The UN has been involved with several tribunals established to bring justice to victims of international crimes. The Security Council established two ad hoc tribunals, the ICTY and the ICTR. The UN has also been involved in various ways with the Special Court for Sierra Leone (SCSL), the Extraordinary Chambers in the Courts of Cambodia (ECCC), and others. While transitional justice and rule of law continue to be important to the UN, it is likely that the International Criminal Court will handle most situations that arise in the future. There are many secondary sources of information that can support research on various aspects of the work of the tribunals.
International Criminal Tribunal for the Former Yugoslavia (ICTY)
Formal name: International Criminal Tribunal for the Prosecution of Persons Responsible for Serious Violations of International Humanitarian Law Committed in the Territory of the Former Yugoslavia since 1991.
Formal name: International Criminal Tribunal for the Prosecution of Persons Responsible for Genocide and Other Serious Violations of International Humanitarian Law Committed in the Territory of Rwanda and Rwandan Citizens Responsible for Genocide and Other Such Violations Committed in the Territory of Neighboring States between 1 January and 31 December 1994.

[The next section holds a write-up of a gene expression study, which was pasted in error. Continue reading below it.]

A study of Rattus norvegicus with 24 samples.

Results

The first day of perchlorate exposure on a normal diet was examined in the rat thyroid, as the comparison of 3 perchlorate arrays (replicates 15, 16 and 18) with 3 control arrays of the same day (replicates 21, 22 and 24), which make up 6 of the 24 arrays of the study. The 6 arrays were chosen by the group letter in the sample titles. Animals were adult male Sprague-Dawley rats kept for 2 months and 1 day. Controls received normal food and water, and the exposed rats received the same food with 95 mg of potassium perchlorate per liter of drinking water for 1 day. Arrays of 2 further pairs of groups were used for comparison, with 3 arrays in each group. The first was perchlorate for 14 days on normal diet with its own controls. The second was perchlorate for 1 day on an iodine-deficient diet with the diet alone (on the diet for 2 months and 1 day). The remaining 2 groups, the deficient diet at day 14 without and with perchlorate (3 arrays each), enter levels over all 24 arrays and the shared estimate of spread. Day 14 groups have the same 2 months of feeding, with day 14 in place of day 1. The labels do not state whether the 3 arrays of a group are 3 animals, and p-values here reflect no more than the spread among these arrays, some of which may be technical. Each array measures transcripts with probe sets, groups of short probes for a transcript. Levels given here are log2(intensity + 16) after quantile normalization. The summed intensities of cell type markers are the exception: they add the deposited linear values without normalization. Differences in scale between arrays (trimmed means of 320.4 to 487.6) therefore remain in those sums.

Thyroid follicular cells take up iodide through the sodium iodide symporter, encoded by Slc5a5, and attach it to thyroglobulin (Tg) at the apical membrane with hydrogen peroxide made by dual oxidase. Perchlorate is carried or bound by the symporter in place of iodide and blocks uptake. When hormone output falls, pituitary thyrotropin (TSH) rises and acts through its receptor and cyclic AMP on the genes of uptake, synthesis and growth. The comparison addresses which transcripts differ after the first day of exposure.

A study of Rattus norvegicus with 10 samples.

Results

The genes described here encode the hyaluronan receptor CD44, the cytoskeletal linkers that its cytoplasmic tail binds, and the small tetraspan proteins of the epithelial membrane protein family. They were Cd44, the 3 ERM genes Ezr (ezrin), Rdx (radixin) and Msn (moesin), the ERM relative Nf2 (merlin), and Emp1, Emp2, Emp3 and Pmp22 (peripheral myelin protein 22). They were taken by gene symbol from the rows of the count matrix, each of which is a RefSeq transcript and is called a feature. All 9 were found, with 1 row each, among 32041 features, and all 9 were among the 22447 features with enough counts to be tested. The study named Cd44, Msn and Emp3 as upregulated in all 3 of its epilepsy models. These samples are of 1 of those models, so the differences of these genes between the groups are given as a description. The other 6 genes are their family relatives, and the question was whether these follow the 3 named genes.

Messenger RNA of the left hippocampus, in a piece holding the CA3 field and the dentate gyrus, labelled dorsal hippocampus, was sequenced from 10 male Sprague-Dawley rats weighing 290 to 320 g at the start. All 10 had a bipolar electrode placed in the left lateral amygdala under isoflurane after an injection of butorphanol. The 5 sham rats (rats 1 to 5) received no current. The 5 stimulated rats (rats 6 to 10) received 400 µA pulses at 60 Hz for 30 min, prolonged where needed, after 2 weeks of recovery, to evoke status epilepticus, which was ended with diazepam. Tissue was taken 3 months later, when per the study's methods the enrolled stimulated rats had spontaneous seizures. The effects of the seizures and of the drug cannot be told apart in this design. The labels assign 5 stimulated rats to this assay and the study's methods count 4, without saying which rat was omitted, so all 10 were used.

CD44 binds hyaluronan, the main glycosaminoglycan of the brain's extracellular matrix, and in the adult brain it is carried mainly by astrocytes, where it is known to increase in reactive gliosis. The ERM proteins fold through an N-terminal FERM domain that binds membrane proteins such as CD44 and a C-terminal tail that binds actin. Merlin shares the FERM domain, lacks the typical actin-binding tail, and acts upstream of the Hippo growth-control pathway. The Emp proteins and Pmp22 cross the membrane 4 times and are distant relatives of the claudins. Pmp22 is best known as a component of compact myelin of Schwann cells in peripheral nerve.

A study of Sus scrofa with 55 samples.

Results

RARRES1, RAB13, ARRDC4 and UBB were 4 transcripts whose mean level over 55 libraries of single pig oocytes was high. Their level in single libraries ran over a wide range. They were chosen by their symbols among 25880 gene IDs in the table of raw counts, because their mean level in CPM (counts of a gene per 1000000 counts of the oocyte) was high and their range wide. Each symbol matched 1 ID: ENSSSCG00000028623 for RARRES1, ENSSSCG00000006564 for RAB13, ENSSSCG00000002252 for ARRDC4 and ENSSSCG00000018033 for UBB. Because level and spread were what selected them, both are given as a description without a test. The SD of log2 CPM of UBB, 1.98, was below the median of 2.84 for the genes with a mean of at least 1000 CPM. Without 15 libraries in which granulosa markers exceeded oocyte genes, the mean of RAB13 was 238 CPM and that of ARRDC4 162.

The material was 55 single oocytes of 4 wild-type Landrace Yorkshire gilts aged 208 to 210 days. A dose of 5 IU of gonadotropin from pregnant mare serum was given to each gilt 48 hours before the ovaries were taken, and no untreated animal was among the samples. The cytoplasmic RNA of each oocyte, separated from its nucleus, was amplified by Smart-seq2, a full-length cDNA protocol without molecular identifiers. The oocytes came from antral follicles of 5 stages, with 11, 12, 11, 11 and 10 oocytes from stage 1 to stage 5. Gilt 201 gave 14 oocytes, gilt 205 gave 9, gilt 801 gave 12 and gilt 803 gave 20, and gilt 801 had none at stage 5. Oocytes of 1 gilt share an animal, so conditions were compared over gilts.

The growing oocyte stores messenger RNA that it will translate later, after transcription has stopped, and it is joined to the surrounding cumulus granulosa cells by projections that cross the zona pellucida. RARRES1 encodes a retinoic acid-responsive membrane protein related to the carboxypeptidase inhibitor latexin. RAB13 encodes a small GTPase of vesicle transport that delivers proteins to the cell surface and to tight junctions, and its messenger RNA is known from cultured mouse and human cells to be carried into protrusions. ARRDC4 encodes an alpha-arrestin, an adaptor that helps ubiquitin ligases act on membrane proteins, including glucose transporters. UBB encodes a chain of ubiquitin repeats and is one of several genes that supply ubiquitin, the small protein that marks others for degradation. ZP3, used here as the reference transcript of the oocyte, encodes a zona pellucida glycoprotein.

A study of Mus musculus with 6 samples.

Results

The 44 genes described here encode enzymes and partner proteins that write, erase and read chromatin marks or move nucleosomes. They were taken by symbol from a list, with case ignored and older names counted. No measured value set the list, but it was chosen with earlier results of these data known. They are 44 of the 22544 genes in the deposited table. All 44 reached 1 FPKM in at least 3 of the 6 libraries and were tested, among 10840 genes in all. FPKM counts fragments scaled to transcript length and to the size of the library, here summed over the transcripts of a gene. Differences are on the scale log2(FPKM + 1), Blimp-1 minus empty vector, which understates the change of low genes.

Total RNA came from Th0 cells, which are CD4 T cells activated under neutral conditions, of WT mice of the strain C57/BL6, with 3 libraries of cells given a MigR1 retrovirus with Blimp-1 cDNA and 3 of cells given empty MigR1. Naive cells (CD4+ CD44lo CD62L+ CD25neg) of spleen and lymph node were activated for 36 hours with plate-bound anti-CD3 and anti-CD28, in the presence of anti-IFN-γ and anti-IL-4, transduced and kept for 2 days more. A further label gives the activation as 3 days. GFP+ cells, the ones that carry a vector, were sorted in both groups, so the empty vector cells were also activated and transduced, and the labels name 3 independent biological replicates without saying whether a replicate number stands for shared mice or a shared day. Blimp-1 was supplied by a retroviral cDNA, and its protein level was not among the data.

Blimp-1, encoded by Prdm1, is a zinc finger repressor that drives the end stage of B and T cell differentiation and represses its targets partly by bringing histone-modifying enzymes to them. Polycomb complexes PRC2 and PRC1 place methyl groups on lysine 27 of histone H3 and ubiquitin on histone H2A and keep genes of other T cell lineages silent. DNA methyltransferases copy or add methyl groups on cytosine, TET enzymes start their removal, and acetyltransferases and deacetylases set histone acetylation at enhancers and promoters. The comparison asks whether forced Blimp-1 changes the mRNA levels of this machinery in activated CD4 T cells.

International Residual Mechanism for Criminal Tribunals (UNMICT)
UN Mechanism for International Criminal Tribunals websiteThe International Residual Mechanism for Criminal Tribunals ("Mechanism") is mandated to perform a number of essential functions previously carried out by the International Criminal Tribunal for Rwanda (“ICTR”) and the International Criminal Tribunal for the former Yugoslavia (“ICTY”). In carrying out these essential functions the Mechanism maintains the legacies of these two pioneering ad hoc international criminal courts and strives to reflect best practices in the field of international criminal justice.